Bird Life (and death) on Goose Creek
My mom was here for a few days last week. We were chatting about one of her trips to Virginia back long ago when we’d first moved here. She heard the kids–who were 3 and 8 at the time–talking about the “indigo bunny” they’d seen. She had never seen a sky-blue rabbit so naturally she was curious.
She remembered a view of the bird–by a similar name–for the first time on our gravel road later that visit. She was stunned by the color–deep irridescent blue, always her favorite.
On the second day of her visit last week, she and I stood out by the garden taking in the first warmth of the sun as it crests the eastern ridge.
“There!” and I nudged her arm and pointed to the top of the tallest tree across the road–the bare gaunt branches of a dying hemlock.
“Listen. They sing everything in pairs” and I crudely mimicked the Indigo Bunting’s whistled couplets so she could pick out the call the next time the bright blue male warned away other male intruders into his territorial claim.
“You almost always see them far away and high up” I said. And the very next day, the one you see here was dead on the front porch. I think that must have been the thump on the window just above my desk the day before .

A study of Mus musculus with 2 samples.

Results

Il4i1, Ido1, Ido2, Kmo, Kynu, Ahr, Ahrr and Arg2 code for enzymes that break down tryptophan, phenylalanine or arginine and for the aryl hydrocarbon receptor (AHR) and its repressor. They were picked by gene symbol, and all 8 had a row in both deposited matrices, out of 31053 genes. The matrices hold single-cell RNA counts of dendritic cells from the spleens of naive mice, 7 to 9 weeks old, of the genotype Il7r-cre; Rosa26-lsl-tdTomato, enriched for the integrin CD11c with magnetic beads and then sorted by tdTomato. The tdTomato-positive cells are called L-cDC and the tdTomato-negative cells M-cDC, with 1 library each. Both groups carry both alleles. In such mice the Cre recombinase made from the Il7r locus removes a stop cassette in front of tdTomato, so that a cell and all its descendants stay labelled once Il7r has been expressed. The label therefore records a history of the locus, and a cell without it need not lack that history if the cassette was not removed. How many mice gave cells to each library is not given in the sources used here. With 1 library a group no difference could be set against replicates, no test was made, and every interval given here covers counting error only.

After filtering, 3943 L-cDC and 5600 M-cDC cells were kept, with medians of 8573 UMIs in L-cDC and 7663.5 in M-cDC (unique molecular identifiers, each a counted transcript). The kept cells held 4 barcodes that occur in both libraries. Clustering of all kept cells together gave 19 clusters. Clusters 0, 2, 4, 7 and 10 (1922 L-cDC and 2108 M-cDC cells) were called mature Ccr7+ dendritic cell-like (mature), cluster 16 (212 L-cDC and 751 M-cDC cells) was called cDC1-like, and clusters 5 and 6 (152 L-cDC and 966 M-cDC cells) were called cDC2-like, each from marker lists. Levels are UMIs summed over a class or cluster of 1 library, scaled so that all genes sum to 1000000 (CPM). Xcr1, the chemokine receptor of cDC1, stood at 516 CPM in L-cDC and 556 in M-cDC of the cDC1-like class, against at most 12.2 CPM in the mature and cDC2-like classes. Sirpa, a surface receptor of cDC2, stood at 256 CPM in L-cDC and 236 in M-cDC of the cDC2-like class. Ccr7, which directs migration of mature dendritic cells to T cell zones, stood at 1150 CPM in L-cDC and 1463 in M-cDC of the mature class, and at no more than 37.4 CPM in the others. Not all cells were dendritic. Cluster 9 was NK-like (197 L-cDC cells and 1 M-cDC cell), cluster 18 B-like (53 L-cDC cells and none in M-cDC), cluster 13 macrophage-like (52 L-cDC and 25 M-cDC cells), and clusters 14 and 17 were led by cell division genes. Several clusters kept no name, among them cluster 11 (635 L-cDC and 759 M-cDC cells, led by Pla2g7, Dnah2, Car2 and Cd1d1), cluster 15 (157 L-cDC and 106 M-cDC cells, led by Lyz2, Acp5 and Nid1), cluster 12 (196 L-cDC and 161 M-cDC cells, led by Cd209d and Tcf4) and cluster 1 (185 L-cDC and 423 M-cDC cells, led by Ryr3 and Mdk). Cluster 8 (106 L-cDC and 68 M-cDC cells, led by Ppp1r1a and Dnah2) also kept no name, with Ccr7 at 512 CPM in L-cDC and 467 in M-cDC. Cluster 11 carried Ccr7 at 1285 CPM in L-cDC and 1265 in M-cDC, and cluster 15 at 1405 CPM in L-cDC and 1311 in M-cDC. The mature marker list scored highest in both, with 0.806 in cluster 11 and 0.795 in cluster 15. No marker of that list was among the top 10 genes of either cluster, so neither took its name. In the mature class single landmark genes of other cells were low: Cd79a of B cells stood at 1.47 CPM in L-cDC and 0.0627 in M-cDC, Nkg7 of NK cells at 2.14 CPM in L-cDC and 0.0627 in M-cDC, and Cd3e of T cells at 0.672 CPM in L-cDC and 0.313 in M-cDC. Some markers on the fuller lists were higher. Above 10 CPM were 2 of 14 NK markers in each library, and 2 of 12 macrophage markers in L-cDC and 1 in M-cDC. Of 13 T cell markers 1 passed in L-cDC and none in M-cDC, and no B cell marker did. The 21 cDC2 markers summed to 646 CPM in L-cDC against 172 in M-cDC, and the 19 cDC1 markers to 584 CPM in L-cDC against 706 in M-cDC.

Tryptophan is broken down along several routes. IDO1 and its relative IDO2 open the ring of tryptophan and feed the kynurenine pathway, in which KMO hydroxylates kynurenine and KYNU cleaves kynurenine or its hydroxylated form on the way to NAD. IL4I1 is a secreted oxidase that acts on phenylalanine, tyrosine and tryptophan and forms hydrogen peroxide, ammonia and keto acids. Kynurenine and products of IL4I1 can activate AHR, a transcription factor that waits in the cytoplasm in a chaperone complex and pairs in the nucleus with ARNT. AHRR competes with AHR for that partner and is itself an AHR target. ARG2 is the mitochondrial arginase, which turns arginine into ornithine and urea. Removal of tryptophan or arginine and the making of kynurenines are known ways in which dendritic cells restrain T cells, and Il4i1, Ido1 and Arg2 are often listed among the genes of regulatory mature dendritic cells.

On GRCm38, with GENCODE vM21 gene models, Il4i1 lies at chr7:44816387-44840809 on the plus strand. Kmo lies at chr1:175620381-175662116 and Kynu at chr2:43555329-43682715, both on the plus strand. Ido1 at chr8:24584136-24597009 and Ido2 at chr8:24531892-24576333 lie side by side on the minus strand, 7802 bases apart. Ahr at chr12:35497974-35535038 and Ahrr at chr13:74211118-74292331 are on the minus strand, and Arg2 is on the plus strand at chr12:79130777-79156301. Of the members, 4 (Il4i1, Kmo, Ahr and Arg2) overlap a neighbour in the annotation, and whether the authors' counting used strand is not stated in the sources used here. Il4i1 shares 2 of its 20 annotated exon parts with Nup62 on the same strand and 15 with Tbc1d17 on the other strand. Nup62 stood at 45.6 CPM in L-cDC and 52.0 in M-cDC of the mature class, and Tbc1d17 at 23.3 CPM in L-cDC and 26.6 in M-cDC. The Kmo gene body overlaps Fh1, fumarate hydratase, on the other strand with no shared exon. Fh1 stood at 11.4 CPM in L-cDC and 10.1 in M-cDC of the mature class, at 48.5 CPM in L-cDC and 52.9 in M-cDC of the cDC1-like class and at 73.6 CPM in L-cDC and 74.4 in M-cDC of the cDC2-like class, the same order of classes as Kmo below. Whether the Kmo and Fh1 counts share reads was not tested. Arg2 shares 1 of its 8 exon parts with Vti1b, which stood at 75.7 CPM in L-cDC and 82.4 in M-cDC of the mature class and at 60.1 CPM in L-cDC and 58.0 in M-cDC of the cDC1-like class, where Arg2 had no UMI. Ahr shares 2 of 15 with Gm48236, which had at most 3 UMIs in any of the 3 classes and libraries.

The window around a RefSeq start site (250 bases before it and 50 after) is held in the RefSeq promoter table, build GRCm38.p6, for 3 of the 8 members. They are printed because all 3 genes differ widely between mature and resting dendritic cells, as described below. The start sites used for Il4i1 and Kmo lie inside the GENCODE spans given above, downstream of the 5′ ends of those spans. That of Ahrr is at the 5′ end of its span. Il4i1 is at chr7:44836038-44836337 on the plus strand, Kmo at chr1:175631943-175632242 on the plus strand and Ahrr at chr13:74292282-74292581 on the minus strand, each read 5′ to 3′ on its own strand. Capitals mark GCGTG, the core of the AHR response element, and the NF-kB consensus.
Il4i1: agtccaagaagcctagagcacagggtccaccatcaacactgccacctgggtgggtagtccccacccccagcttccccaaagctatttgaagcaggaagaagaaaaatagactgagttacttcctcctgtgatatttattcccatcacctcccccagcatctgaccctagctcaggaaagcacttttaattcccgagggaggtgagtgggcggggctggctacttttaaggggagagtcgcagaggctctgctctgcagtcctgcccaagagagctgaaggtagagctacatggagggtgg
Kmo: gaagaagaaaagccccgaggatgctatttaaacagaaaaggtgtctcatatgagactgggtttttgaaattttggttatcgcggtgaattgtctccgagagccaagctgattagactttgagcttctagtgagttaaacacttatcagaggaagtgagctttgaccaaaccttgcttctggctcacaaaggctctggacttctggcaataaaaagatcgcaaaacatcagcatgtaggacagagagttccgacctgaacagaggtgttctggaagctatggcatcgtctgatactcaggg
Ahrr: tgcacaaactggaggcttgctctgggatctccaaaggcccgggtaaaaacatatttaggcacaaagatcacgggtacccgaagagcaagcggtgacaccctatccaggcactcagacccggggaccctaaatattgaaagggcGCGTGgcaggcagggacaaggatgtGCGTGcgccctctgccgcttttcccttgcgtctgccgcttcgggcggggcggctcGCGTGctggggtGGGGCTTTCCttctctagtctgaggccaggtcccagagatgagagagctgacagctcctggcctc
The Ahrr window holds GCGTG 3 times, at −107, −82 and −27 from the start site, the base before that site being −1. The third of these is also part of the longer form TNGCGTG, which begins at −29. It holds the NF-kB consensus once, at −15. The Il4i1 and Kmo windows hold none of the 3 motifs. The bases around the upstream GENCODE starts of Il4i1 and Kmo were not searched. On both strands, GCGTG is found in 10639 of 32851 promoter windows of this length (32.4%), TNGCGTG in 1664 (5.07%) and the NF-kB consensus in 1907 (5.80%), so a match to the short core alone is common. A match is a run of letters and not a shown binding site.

Sorry the beak is not in focus; the color pattern is unlike any of the pictures of the bird I find, though the dark upper bill and lighter lower bill seems common.
From the back porch that same day I’d heard the distinctive shrill warble of one of our black-on-red Scarlet Tanagers and called mom out to listen.
“You rarely see them after the leaves come out” I said, and just then the brilliant male moved to a branch to the outside of the maple’s shadowed branches into a shaft of morning sun. Mom had the binocs and with a little roving, found the bird, watching it sing its song as if it were performing at the Met. How cool was that!